The rantings of a beautiful mind

On life, society, and computer technology.


I live in the Fortress of Solitude. I drive the Silver Beast. My obsession is justice. I used to be a Windows software developer. I retired in 2000 when my stock options helped me achieve financial security.

Wednesday, March 01, 2006

Mail-In Rebates are Evil

Mail-In Rebates (or MIR) are becoming the scourge of our modern economic society. Retail businesses are increasingly using MIR as a means to attract buyers by promising significant savings. However, MIR is also a cowardly way for manufacturers (and now retailers) to exploit consumers' weakness. The problem with MIR is that the onus is on the customer to collect the saving post-purchase. Most of the time, the customer either forgets to submit the MIR application, or he can't be bothered to follow through with the MIR process. In fact, this is what the vendors are counting on and that's why the MIR sales tactic is so attractive to them - MIR draws in the buyers but the vendors still benefit from the full purchase price - they can have their cake and eat it, too!

In case the subtlety is lost on you, let me rephrase the above for you in terms that you can understand: You are being ripped off through a deceitful and manipulative scheme.

Failing to submit the MIR application is not the only way the vendors get to keep your promised savings. Even after you submit the MIR documents, and after the requisite waiting period (typically six weeks or so), the rebate cheque may be delayed. It is up to you to chase after the delinquent rebate cheque! And that's if you even remember that you are owed the rebate. All too often, the rebate cheque never arrives, supposedly due to some "clerical error" at the fulfillment comany, or due to some error on your part.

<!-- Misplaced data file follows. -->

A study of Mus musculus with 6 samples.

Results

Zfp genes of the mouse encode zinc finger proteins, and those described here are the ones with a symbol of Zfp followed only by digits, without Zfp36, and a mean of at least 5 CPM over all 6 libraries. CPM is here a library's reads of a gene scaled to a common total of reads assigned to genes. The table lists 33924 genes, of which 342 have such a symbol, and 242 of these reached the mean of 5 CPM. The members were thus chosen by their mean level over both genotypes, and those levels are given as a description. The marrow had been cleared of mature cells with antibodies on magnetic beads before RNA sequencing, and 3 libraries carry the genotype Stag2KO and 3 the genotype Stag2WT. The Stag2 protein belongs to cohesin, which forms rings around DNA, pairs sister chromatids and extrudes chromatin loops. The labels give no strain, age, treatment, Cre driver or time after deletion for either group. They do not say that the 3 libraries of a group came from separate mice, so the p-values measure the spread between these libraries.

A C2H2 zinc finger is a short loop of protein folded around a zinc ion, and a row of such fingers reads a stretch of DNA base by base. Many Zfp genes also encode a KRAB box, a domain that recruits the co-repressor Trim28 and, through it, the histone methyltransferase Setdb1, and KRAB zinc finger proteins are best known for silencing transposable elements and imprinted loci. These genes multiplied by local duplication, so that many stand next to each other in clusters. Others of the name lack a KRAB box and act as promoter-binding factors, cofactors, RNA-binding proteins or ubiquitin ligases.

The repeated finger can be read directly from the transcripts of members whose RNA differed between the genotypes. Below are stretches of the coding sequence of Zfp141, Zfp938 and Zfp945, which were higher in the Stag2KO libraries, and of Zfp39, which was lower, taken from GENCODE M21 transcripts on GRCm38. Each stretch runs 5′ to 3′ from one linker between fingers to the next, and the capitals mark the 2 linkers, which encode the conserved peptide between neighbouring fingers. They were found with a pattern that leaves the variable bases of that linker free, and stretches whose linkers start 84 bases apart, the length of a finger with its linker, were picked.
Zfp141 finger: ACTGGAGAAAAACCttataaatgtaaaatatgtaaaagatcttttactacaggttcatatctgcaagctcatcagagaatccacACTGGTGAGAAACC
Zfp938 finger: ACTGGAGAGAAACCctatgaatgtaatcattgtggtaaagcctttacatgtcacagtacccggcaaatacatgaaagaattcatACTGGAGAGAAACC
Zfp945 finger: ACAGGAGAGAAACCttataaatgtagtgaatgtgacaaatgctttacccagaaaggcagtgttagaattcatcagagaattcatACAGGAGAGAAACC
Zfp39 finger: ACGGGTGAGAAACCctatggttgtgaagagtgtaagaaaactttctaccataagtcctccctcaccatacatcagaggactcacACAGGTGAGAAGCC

Not too long ago, I complained to a sales person at Futile Shop that MIR is a genuine nuisance for consumers. He replied that unfortunately this is how manufacturers choose to do business - by adopting MIR and passing the savings on to customers via the retailers. The retailers have no control.

Unfortunately, this devious gimmick is no longer limited to just manufacturers. Recently, I discovered that major retailers are starting to employ this unethical business practice. The Canadian computer direct marketer, MDG, is a case in point...

In early 2006, MDG began offering their computers at significantly reduced prices. However, this is AFTER Mail-In Rebate. What is striking about this example is that MDG are both the manufacturer AND the retailer for their own products. This begs the question: Why are they foisting MIR on you when they could just as easily give you the immediate price discount at the store???

The answer is obvious. They stand to gain from the full purchase price when a large portion of their customers are too forgetful or too inconvenienced to avail themselves of the MIR. How sneaky is that?

MIR is growing like a cancer. It is reaching epidemic proportions. Pretty soon, MIR will be employed everywhere and it will be impossible to extricate ourselves from this insidious business practice.

I strongly encourage the public to fight against Mail-In Rebates by boycotting, or complaining to, retailers who use this slimy sales tactic. We must nip this trend in the bud. And you should avoid making purchasing decisions based on MIR - when doing price comparisons, ignore the price after MIR. Understand that MIR is a potential saving, not a sure thing. Understand that the saving is contingent upon you following through with the troublesome process.

Understand that MIR is a devious gimmick to rip most of you off. It is unethical. And it is evil.

Here is a good discussion of Mail-In Rebates.